Originally published by Robert Beisert at fortcollinsprogram.robert-beisert.com

CS 101 – Life Cycle of a Program

Programs go through a variety of stages on the way to execution. Depending on the type of language, some steps may be added or removed to the list, but here are the stages for a compiled language like C.


All programs start with a problem which needs to be solved. This problem could be as complex or simple as you want, but it must be broken down and understood before a proper program can be built.

If you are familiar with agile techniques, this is where we build our “user stories” – examples of what the user wants to do and see when the program is running.


In order to solve the problem, we first create an abstract solution, based on algorithms and interfaces. This abstract solution provides a basic solution for every piece of the problem, but it doesn’t yet cover any details or specifics. Programmers are known to create pseudocode, charts, flash-cards, and all manner of other devices for making the solutions more readily accessible.

In agile development, this is where we build “use cases” – breakdowns of how the user stories are made reality.


Abstract solutions are easy for us humans to understand, but not so easy for computers. We translate the abstract solutions into source code, written in our language of choice.

At this stage, we handle all the details required to make the abstract solutions specific. We define states, variables, functions, and objects at this point. This is also where we do all our debugging, which is not a trivial task for most programs.

This usually takes most of the program creation time.


Source code is written in human-readable language, which means that computers can’t handle it. The compiler handles the first half of the translation between human language and machine language.

A compiler is composed of two programs: the preprocessor and translator. The preprocessor reads the human language, removes comments, and orders the results. The translator takes the ordered result and translates it into machine language.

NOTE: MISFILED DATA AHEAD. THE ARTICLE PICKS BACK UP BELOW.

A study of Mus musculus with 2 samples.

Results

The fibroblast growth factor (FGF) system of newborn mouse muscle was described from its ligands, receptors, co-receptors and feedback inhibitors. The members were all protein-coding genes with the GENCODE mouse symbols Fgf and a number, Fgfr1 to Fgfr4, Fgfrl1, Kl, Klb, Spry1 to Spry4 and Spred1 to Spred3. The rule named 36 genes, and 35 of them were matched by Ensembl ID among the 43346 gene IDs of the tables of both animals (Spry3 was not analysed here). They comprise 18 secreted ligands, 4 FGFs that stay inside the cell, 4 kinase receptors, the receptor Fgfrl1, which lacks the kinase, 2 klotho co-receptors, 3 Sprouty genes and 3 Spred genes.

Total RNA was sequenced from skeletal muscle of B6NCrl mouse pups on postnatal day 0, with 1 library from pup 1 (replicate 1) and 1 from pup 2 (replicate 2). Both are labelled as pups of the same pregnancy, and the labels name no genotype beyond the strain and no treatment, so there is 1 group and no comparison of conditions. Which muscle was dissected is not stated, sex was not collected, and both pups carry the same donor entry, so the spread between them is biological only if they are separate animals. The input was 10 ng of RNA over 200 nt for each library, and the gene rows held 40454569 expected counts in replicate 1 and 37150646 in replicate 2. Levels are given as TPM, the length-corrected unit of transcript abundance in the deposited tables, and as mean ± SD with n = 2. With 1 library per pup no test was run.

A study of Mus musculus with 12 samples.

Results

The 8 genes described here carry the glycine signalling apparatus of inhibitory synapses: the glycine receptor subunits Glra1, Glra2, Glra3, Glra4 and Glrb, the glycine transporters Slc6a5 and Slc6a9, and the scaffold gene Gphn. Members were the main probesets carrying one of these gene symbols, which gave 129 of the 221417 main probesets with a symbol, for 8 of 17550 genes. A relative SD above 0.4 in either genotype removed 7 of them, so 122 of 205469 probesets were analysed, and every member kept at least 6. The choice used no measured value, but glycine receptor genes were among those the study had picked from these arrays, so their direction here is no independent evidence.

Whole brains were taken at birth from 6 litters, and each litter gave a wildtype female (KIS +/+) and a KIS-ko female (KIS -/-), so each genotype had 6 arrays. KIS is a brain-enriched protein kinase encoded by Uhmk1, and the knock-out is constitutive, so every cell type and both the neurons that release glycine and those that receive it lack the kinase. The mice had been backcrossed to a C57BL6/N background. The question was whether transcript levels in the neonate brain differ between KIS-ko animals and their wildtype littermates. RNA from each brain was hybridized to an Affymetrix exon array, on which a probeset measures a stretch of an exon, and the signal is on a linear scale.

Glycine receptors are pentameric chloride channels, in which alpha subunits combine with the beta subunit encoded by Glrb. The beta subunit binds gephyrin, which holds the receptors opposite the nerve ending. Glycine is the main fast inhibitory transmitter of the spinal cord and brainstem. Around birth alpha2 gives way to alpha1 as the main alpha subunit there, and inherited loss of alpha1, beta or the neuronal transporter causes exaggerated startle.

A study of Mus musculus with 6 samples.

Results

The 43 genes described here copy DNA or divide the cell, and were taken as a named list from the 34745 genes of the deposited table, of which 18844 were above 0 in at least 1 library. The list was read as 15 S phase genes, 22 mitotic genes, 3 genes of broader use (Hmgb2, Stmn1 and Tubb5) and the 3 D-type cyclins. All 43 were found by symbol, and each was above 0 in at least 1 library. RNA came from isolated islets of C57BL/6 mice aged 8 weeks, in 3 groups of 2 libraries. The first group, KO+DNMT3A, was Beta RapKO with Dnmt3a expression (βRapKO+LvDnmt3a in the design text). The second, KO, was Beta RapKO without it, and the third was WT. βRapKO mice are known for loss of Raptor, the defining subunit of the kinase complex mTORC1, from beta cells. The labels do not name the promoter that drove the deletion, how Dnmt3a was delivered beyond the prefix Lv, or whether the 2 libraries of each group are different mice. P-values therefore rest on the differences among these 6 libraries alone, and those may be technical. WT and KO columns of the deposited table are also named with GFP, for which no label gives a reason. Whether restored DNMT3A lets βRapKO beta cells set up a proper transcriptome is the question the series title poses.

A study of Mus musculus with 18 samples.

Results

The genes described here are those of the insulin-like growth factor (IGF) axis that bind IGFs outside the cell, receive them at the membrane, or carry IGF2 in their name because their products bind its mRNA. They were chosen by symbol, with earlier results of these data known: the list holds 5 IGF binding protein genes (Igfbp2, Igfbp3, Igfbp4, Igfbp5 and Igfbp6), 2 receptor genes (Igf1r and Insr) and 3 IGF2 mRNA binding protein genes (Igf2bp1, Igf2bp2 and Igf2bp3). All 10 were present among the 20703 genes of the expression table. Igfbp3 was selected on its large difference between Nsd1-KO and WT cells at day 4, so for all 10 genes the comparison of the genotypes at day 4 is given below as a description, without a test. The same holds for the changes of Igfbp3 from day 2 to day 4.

The translation stage creates object code, which is machine readable code. Unfortunately, we usually rely on libraries when designing our code. Libraries are batches of object code that someone else designed, which are associated with header files.

When we include a header file in our source, we introduce a list of symbolic links to other functions. These symbolic links cannot be executed, because there is no actual code inside them.

The linker connects object code files together with libraries to create executable code. It does this by replacing symbolic links with the actual library code, generating one complete package which the computer can read and run.


Once we have an executable program, we need to load it into the system to run. The operating system provides a loader program, which reads the executable program into memory and prepares resources (memory, etc.) for it.


Um…you run the program. Things happen.

Hopefully, it happened correctly, and you don’t have to go debug it.


When we’re done with the program, we put it away somewhere. We usually store it on a hard drive or removable medium so that we can look at it or use it later.

Of course, you could always delete the program, but you did do all that hard work.